Introduction and AMSYS AMS 5812 and AMS 5915 Libraries


I'm the Director of the University of Minnesota UAV Laboratories. We're a research lab that's focused on making future commercial aircraft (i.e. the aircraft we all fly on as passengers) safer and more environmentally friendly. We use UAVs as a cost effective means to conduct flight research to gather flight data and demonstrate our theories in real world environments. I'm also the co-founder and CEO of a spinoff of the lab, Bolder Flight Systems, which is commercializing some of the sensors and flight control systems developed in the lab. We've been using Teensy devices for a couple of years in our flight control systems, test stands, and as a flexible tool for quickly prototyping ideas or collecting data.

We're currently developing a new generation of sensors and flight control systems based around Teensy and as part of that effort, I've been cleaning up our code and licensing and posting that code on our github. I'd like to announce the availability of libraries for the AMSYS AMS 5812 and AMS 5915 pressure transducers. These sensors are fully signal conditioned, amplified, and temperature compensated over a temperature range of -25 to +85 C. They generate data with high precision, high stability and low drift. Digital measurements are sampled with a 14 bit resolution and the AMSYS AMS 5812 and AMS 5915 sensors are available in a wide variety of pressure ranges and in configurations suited for barometric, differential, and bidirectional differential measurement.

We use them in the lab for accurate measurement of airspeed and altitude for our UAVs and Bolder Flight Systems will be releasing a product built on these sensors. Hopefully these libraries will be useful to others and I'd love any feedback or contributions.

In response to a question I received from HW999 regarding the AMS 5812 / AMS 5915 pressure transducers:

Another question (maybe not the right place) - why did you choose AMS 5812 and AMS 5915 instead of MS5611 and MS4525 ?

I didn't consider the MS5611. We use a pitot-static probe for measuring airspeed and altitude on our UAVs, using the static pressure source located on the probe gives us a more accurate measurement than a board located inside the UAV; there is typically a pressure difference between the inside of a moving aircraft and the free-stream static air. And if the avionics weren't enclosed, it would be difficult to measure static pressure. So the best option, if it's available, is to use a pitot-static probe.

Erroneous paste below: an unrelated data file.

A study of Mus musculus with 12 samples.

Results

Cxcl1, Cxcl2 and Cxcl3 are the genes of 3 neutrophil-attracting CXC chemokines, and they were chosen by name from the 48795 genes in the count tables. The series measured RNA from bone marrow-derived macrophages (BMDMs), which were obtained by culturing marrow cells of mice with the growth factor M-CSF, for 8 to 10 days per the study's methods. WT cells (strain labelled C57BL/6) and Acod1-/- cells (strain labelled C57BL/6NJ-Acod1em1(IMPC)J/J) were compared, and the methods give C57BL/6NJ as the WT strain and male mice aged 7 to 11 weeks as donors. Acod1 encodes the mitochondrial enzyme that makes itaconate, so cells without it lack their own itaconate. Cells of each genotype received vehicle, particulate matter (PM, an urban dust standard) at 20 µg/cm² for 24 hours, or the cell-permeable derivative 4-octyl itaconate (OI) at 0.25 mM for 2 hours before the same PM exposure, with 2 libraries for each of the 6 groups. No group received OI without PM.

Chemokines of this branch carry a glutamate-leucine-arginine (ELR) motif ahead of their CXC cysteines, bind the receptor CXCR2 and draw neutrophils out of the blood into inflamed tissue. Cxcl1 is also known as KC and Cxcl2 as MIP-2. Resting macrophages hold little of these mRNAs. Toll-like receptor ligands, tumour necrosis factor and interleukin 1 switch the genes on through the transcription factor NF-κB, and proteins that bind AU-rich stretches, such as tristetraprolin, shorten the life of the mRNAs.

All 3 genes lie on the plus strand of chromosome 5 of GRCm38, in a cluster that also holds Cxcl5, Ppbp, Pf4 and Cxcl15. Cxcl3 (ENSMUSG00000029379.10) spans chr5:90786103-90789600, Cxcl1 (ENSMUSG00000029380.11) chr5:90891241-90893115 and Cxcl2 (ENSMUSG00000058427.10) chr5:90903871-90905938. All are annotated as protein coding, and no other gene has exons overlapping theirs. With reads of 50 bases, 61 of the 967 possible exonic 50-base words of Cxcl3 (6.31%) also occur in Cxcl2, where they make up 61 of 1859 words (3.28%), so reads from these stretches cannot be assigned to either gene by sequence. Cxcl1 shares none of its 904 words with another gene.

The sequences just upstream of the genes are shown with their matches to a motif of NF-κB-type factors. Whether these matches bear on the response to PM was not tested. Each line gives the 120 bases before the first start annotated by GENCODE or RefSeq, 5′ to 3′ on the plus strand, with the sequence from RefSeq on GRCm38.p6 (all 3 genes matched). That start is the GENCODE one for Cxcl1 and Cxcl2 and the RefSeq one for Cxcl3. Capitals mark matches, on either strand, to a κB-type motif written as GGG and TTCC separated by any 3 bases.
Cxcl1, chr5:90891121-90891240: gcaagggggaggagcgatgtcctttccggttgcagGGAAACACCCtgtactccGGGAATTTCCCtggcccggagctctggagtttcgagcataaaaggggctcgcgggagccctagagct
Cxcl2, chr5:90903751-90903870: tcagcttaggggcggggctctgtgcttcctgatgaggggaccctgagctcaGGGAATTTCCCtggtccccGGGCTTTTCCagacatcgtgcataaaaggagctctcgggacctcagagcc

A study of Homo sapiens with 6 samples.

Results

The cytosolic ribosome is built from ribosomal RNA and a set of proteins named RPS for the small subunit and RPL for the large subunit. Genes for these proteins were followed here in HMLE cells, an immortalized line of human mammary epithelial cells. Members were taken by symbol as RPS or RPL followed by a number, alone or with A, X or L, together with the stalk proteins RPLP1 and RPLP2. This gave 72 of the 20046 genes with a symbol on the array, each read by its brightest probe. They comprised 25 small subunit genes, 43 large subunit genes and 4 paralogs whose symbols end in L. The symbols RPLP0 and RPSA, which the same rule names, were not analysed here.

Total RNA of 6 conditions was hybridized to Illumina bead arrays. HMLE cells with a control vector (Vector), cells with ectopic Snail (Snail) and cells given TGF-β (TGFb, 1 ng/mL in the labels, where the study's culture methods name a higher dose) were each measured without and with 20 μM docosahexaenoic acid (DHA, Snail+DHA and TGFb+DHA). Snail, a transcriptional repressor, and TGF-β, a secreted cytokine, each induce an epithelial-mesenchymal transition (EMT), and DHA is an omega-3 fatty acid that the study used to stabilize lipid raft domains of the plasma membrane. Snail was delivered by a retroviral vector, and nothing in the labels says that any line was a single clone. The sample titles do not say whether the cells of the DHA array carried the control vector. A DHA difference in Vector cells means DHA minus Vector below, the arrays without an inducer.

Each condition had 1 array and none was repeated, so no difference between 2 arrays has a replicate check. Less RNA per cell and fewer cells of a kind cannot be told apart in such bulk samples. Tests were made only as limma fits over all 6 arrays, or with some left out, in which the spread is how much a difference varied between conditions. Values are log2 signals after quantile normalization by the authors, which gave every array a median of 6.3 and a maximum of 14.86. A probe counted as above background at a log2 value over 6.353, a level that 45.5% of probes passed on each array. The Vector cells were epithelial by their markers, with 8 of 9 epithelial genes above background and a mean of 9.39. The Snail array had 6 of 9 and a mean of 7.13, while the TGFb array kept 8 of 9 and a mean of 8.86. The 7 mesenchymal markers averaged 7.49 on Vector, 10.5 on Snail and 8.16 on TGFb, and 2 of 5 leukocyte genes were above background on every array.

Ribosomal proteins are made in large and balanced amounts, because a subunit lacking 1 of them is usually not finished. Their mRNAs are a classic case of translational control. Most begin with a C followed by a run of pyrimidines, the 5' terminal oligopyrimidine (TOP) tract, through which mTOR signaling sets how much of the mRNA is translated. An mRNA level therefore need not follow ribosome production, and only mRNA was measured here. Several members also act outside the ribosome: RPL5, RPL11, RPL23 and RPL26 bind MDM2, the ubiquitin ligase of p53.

I did really like the MS4525 pressure transducers. Like the AMSYS AMS 5812 and 5915 you can measure directional differential pressure (as opposed to bidirectionally) and there is a large range of pressure measurements to choose from, so you get great resolution for the intended application. The major downside had more to do with suppliers and the inability to program I2C addresses to the chip. Although, according the MS4525 data sheets there are many I2C addresses to choose from, most of the suppliers only offered a single I2C address, which made it difficult to find solutions to measure static and differential pressure with a single Teensy. Additionally, we sometimes use a probe with 5 differential ports (one centered and four space around that, called a five hole probe) so that we can measure not only airspeed, but also the relative angle of the airflow to the UAV (angle of attack and angle of sideslip), which requires many additional pressure transducers.

In the lab we've been using the AMS 5812 since about 2006. We recently switched to using the AMS 5915, which is nearly identical, but operates at 3.3V instead of 5V. The data quality is excellent and we LOVE that we can get transducers for the pressure ranges that we need. Right now we use the following differential transducers depending on application, plus an AMS5915-1200-B baro sensor for measuring altitude:
AMS5915-0005-D: 29 m/s, 65 mph
AMS5915-0010-D: 40 m/s, 90 mph
AMS5915-0020-D: 57 m/s, 128 mph

But the real kicker is that we're able to program our own I2C addresses for each transducer, which enables us to put as many transducers as we need on a single I2C bus.

Use a TCA9548A I2C multiplexer and you can put up to 64 I2C devices all with the same address on the same bus.